Heather Caliendo

November 18, 2013

3 Min Read
Amcor discusses packaging demerger

"Amcor today comprises two very different packaging companies in terms of product segments and geographic focus," MacKenzie said in the company's general meeting. "Amcor post the demerger, has global leadership positions in the flexibles and rigid plastics segments, while Orora operates in the glass, beverage can and integrated fiber packaging markets in Australasia and packaging distribution in North America."

He said the company came to the conclusion that it should separate the two businesses, enabling each to focus on their own growth agendas and strategic priorities.

 "Going forward, Amcor post the demerger will have an even more focused portfolio with two thirds of its sales in flexible packaging and one third in rigid plastics," he said.

Approximately one third of group sales will be in each of North America and Western Europe and nearly 30% in emerging markets. The operating footprint will comprise 180 sites in 43 countries.

MacKenzie said that so far, the flexible business is experiencing an "excellent year" with profit before interest and tax up 11.9% to a record €589.1 million ($796 million).

The end markets for this segment are food, healthcare and tobacco packaging.

Amcor recently announced it will acquire Detmold Flexibles, a privately owned Australian flexible packaging business for $50 million. The business will be part of Amcor Flexibles Asia Pacific.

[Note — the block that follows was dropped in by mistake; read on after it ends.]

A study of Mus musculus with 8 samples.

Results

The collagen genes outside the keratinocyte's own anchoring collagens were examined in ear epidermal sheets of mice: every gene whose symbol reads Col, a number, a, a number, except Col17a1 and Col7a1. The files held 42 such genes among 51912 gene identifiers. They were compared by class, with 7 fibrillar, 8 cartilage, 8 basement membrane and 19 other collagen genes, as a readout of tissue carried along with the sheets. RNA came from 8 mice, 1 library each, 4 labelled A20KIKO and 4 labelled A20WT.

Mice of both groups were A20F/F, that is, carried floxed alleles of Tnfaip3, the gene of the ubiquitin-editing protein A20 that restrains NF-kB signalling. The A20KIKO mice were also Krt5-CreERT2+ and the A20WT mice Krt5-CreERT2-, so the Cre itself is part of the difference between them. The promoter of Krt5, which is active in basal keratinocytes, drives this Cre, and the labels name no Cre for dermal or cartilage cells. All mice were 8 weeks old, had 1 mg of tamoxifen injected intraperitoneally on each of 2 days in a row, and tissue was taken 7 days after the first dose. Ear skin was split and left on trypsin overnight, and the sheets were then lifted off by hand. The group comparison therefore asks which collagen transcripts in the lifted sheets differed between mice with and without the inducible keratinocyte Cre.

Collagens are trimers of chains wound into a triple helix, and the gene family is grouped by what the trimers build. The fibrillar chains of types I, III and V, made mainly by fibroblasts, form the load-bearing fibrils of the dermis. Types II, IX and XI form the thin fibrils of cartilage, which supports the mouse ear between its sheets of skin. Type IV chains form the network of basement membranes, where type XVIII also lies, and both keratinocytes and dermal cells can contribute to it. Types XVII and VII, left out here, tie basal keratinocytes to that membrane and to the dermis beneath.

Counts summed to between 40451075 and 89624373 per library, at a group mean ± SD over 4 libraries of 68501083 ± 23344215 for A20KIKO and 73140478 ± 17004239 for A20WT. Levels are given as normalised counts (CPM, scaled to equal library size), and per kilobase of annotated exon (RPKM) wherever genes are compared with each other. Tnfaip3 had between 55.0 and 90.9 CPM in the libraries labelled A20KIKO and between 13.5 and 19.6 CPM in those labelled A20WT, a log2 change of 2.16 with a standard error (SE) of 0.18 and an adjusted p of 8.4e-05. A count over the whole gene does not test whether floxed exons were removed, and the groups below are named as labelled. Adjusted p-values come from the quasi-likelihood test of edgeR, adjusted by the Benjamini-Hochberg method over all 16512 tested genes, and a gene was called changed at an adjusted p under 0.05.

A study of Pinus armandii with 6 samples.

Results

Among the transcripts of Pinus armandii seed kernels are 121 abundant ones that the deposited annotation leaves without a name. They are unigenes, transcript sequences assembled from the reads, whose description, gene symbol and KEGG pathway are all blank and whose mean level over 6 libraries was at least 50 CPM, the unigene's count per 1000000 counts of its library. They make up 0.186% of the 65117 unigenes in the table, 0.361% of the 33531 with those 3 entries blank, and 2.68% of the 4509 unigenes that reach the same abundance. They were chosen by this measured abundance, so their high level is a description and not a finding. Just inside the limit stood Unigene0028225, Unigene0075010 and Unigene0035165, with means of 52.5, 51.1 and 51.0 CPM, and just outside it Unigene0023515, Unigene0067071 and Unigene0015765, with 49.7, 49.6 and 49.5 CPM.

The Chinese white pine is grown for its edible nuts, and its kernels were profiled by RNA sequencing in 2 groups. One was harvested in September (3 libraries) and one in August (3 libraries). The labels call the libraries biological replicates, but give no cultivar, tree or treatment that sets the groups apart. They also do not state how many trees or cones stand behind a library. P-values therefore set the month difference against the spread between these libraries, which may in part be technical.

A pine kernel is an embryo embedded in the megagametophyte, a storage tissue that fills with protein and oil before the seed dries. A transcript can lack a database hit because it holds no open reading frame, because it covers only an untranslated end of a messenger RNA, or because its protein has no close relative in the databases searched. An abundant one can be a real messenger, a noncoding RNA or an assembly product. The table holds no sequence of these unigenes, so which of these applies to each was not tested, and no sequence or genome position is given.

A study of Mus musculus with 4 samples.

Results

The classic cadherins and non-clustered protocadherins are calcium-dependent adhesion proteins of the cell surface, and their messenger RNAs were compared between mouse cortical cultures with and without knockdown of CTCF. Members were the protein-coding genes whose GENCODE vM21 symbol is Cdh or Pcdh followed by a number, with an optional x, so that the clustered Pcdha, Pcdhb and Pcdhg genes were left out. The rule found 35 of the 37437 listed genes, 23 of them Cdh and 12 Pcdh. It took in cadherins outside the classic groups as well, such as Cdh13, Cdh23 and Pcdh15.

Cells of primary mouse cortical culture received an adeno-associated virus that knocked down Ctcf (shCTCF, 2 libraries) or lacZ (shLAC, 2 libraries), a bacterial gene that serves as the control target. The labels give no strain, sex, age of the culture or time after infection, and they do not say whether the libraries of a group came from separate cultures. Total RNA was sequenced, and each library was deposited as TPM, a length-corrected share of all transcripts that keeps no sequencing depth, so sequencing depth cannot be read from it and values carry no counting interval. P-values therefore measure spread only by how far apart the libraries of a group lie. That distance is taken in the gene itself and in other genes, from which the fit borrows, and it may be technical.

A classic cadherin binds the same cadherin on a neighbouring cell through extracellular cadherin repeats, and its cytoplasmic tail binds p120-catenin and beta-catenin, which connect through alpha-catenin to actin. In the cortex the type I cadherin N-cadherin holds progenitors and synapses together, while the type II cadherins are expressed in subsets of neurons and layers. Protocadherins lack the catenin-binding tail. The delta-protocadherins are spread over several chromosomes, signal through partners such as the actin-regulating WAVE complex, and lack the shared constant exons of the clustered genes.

Detmold Flexibles operates two plants in Melbourne and has sales of approximately $55 million.

"From a strategic perspective Detmold Flexibles builds on the success of the 2012 Aperio Group acquisition," MacKenzie said. "It enables the Australian flexibles business to strengthen its manufacturing centers of excellence with plants focused on specific technologies and end market segments."

Given the manufacturing overlap in the businesses there is considerable opportunity for operational synergies and returns are expected to be more than 20%, he said.

"The outlook for the full year for the flexibles segment has not changed with earnings expected to be higher than last year, driven by ongoing growth in emerging markets, operating improvements and benefits from acquisitions," he said.

Rigid plastics

MacKenzie said the rigid plastics business had a solid year. Earnings were 5.2% higher at $286.8 million, and returns improved from 15.5% to 16.9%.

"The outlook for the full year for the rigid plastics segment has not changed with earnings expected to be higher than last year. The business will benefit from ongoing growth in both Latin America and diversified products, as well as the benefits from increased market share in North America," he said. "The magnitude of the full year increase will be dependent on economic and weather conditions for the remainder of the year."

In North America, MacKenzie said the volume for the first quarter reflected the declines in the overall beverage market, in part due to a relatively cool and wet summer. This reduction was largely offset by market share gains, however, there was an adverse shift in product mix.

"Today, within Amcor, there are two very different packaging companies and the decision to demerge Orora is the next logical step in the Amcor journey," he said. "Orora is well positioned to stand alone as a separately listed company, with strong positions in its market segments and exciting profit growth opportunities. Amcor, as a global leader in flexible and rigid plastics packaging has strong market positions and an excellent footprint in higher growth emerging markets."